The story I told yesterday about my friend who lost her dad got me wondering about the connection between grief and gratitude … which through the magic of following Google leads down warrens brought me to the work of Dan McAdams.
A psychologist by trade, McAdams has compiled a social history of the sorts of stories that Americans tell themselves. These reflect the deep–down optimism that, as far as I’m concerned, marks the American attitude to life more than any other quality.
According to Publishers Weekly, McAdams analyzed hundreds of American stories — the Horatio Alger success stories, the early, middle and latter-day self-help classics, the writing of Ben Franklin, Abe Lincoln and good old Oprah. He looked at confessions from the Puritans and he read the narratives of slaves. He checked out all the back copies he could find of People magazine.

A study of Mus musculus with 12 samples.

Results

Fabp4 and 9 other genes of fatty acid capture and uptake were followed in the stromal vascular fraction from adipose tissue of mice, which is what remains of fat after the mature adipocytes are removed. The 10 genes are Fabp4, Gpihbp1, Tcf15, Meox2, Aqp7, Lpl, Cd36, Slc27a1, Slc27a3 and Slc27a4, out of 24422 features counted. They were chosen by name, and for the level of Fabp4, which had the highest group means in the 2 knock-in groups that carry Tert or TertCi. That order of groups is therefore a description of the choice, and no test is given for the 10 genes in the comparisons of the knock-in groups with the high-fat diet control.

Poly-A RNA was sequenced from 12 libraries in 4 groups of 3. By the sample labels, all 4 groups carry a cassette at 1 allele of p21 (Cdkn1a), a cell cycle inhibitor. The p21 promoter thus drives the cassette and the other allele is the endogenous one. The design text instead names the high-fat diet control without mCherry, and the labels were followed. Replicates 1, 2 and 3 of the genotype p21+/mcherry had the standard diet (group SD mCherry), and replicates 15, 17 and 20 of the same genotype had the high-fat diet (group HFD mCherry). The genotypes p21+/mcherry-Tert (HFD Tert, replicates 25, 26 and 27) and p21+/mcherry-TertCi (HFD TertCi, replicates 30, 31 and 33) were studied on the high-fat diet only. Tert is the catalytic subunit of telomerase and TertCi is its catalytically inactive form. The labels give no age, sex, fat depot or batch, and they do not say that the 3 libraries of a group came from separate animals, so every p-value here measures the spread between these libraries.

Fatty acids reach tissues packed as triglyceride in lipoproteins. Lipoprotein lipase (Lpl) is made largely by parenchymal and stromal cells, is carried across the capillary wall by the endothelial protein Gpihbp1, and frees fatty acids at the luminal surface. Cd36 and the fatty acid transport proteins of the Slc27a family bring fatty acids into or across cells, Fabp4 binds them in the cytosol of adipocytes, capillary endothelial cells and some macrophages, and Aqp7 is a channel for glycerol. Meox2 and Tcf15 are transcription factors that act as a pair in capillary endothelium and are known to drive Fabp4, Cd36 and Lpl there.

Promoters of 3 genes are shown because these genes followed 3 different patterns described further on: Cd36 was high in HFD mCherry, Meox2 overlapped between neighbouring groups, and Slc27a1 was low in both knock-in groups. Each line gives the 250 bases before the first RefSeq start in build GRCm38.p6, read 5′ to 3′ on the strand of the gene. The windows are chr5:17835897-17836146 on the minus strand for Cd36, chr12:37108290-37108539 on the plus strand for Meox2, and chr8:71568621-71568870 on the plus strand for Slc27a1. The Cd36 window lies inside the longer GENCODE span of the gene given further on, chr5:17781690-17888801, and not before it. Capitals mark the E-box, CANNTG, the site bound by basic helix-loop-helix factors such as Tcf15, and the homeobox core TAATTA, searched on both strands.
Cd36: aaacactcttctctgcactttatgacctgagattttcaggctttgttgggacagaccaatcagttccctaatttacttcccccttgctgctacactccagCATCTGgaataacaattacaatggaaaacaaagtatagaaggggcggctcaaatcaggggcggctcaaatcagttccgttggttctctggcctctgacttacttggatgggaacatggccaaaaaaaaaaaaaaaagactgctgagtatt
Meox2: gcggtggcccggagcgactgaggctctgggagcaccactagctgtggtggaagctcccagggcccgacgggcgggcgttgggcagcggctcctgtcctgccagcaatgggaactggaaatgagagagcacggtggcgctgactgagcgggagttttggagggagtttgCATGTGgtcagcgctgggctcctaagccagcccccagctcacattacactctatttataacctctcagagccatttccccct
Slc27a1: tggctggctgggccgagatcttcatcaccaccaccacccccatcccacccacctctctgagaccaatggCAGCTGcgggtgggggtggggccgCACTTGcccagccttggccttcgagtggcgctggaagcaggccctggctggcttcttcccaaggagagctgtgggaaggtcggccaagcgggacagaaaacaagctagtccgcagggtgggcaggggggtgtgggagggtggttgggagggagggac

And what he found was this — that Americans tell redemptive stories.
Stories of deliverance from suffering. And that these stories help us on multiple levels. In one piece of research patients healed faster if they had a redemptive story to tell themselves. The kind of people who say things like “When life gives you lemons, make lemonade” have a much higher chance of surviving than the rest of us.
The interesting thing is this — redemptive stories are not happy tales. They are not glossed over, upbeat, superficial approaches to dark times. The deeper the trouble, the harder the toil, the longer the suffering, the more power a redemptive story has in equipping us with the perseverance to make it through such hardship.
All we have to believe is that Good can come from Bad.